Perennial herb 30 cm - 1 m tall Leaves: opposite, spreading, stalkless (sometimes clasping), hairless, very finely-toothed, three- to seven-nerved, yellow-green, 5 - 15 cm long, 1.5 - 5 cm wide, lance- to egg-shaped, widest near the broadly rounded base, and gradually tapering to a long, pointed tip. Inflorescence: of many (one to twenty), stalkless, compactly clustered flowers at the stem apex, or also in smaller clusters in the upper one or two leaf axils. The terminal inflorescence is subtended by two or three pairs of large, leaf-like bracts. Flowers: yellow-white or green-white, 3 - 5.5 cm long, radially symmetric, somewhat oblong-tubular, with a narrowly opened top, and green-veined, pleated sides. Sepals: five, but fused for over half their length into a whitened, 0.7 - 1.5 cm long, hairless tube, then separating into yellow-green, 0.4 - 1.5 cm long, 3 - 7 mm wide, spreading-ascending, hairless, very finely-toothed, somewhat egg-shaped lobes, which have a ridge-like structure (keel) running down their outer face onto the fused tube portion. Petals: five, but fused with shorter membranes (plaits) between the erect, 4 - 7 mm long, 4 - 8 mm wide, broadly egg-shaped to rounded, somewhat inrolled petal lobes. The separate portion of the petal lobes reaches 4 - 6 mm beyond the 0.5 - 4 mm long, 3 - 7 mm wide, jagged-toothed, angled plaits. Stamens: five, attached to the inside of the petal tube, the filaments 0.8 - 1.2 cm long, with the anthers fused together. Pistil: with a single-chambered, superior ovary; a short, stout style; and a two-lobed stigma. There is a whorl of nectar glands present around the base of the ovary, though they are not attached to the fused petal tube base. Fruit: a single-chambered, two-valved, elliptic capsule containing numerous seeds. Stems: one to ten, erect, stout, hairless, and normally unbranched. Seeds: flattened, winged, and smooth.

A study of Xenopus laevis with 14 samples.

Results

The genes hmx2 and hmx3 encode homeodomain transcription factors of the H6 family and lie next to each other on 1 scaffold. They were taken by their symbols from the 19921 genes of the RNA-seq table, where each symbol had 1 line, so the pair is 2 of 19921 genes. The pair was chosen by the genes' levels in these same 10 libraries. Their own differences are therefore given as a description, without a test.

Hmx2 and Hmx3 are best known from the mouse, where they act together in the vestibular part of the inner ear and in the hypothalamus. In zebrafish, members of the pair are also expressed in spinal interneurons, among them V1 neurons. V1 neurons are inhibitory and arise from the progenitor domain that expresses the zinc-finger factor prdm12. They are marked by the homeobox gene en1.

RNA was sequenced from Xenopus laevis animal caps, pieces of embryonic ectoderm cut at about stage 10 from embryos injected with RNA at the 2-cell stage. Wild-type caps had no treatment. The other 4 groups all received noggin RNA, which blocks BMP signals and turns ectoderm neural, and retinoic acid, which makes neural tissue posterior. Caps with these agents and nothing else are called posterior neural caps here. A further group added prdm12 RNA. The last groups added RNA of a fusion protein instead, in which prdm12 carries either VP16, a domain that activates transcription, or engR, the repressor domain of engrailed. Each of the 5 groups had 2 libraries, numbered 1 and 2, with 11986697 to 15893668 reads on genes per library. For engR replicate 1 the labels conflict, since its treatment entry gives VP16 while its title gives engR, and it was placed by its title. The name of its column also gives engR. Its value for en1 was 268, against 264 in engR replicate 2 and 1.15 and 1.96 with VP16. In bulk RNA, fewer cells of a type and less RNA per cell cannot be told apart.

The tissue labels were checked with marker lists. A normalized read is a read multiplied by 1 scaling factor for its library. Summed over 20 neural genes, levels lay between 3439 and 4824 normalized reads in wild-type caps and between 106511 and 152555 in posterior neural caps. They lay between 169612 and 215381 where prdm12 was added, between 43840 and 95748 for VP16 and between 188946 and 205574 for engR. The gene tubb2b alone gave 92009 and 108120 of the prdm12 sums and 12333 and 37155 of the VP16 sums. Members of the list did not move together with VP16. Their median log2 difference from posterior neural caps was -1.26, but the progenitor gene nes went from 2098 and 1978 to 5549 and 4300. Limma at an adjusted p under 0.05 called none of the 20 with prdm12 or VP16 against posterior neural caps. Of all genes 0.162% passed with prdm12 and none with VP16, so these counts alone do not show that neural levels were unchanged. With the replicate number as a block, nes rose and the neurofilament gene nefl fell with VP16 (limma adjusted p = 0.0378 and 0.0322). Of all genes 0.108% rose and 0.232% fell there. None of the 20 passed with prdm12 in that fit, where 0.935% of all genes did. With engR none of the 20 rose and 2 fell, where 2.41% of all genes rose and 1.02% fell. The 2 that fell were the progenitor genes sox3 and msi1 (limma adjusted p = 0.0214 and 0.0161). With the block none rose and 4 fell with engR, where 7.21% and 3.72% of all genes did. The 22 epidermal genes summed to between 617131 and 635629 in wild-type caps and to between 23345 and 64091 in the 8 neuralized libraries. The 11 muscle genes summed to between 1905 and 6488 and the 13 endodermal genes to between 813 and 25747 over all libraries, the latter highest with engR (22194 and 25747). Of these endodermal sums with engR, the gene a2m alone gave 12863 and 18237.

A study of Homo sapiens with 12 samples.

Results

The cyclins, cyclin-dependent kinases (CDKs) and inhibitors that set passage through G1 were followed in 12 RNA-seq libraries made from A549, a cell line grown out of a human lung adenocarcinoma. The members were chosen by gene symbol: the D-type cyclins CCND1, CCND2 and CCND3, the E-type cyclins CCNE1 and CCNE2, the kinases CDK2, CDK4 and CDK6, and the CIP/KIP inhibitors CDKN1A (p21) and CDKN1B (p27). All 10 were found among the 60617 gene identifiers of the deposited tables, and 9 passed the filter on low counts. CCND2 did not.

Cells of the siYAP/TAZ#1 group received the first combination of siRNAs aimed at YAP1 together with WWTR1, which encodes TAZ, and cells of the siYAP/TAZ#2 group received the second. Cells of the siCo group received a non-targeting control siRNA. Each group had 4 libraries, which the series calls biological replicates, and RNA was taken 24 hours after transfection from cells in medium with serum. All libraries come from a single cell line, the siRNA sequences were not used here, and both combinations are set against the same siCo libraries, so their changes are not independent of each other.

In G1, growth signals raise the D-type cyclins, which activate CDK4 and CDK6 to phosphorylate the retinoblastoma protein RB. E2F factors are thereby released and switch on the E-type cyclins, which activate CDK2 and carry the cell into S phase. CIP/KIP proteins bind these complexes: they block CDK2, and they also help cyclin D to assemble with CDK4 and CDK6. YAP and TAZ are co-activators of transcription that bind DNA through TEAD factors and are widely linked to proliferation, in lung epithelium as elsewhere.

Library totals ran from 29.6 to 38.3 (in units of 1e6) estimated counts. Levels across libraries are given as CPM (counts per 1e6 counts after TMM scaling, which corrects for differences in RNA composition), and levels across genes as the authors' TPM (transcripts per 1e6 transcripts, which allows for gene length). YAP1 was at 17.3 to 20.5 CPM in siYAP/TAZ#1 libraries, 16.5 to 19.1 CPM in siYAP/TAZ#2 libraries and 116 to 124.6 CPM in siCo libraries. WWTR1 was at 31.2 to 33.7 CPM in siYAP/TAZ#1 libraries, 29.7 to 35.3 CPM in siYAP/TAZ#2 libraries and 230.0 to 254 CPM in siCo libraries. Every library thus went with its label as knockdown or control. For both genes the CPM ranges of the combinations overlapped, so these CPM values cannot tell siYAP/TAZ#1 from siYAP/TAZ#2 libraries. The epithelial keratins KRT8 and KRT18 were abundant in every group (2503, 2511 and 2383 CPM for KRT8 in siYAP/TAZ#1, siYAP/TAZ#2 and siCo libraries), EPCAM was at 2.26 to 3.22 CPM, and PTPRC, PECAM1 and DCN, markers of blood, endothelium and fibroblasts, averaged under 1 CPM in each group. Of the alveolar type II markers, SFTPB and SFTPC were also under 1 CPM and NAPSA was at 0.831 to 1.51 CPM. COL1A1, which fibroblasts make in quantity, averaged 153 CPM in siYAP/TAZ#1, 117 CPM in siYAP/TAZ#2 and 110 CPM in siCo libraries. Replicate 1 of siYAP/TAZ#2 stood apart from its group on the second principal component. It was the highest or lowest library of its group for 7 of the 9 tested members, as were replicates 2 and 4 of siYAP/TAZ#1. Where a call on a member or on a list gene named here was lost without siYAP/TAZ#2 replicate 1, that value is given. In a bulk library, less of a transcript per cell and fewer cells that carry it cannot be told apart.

Similar species: This is the only whitish-flowered gentian in our area except for the rare albino of other species. Albino forms of Gentiana andrewsii or its varieties differ by having rough-prickly leaf edges, hairy sepal lobe edges, and plaits longer than the alternating petal lobes. Albino forms of G. puberulenta may also be similar, but they have a hairy stem, very narrow sepal lobes, open flowers, and separate anthers.
Flowering: August to October
Habitat and ecology: Uncommon overall, found in moist prairies, sometimes swales, or other wet or moist clearings.
Occurence in the Chicago region: native
Etymology: Gentiana is named after Gentius, king of Illyria, who supposedly discovered a medicinal value for the yellow gentian. Alba is the Latin word for white, which refers to the whitish flowers.
Stout, 3-10 dm, almost always unbranched; herbage glabrous; lvs yellow-green, spreading, lanceolate or lance-ovate, 5-15 נ1.5-5 cm, long-acuminate, widest near the broadly rounded or subcordate sessile base, often 3-nerved; infl usually compact and many-fld; cal-lobes lance-ovate to deltoid-ovate, 4-15 mm, often spreading, with a prominent keel decurrent onto the tube; cor yellowish-white or greenish-white, 3.5-5 cm, narrowly open, its broadly ovate lobes commonly 4-6 mm longer than the oblique, ±erose plaits; anthers connate. Moist prairies and open woods; irregularly from s. Ont. to Pa. and N.C., w. to Minn., e. Neb., e. Kans., and n. Ark., more abundant westward. Sept., Oct. (G. alba Muhl., nomen subnudum)
Gleason, Henry A. & Cronquist, Arthur J. 1991. Manual of vascular plants of northeastern United States and adjacent Canada. lxxv + 910 pp.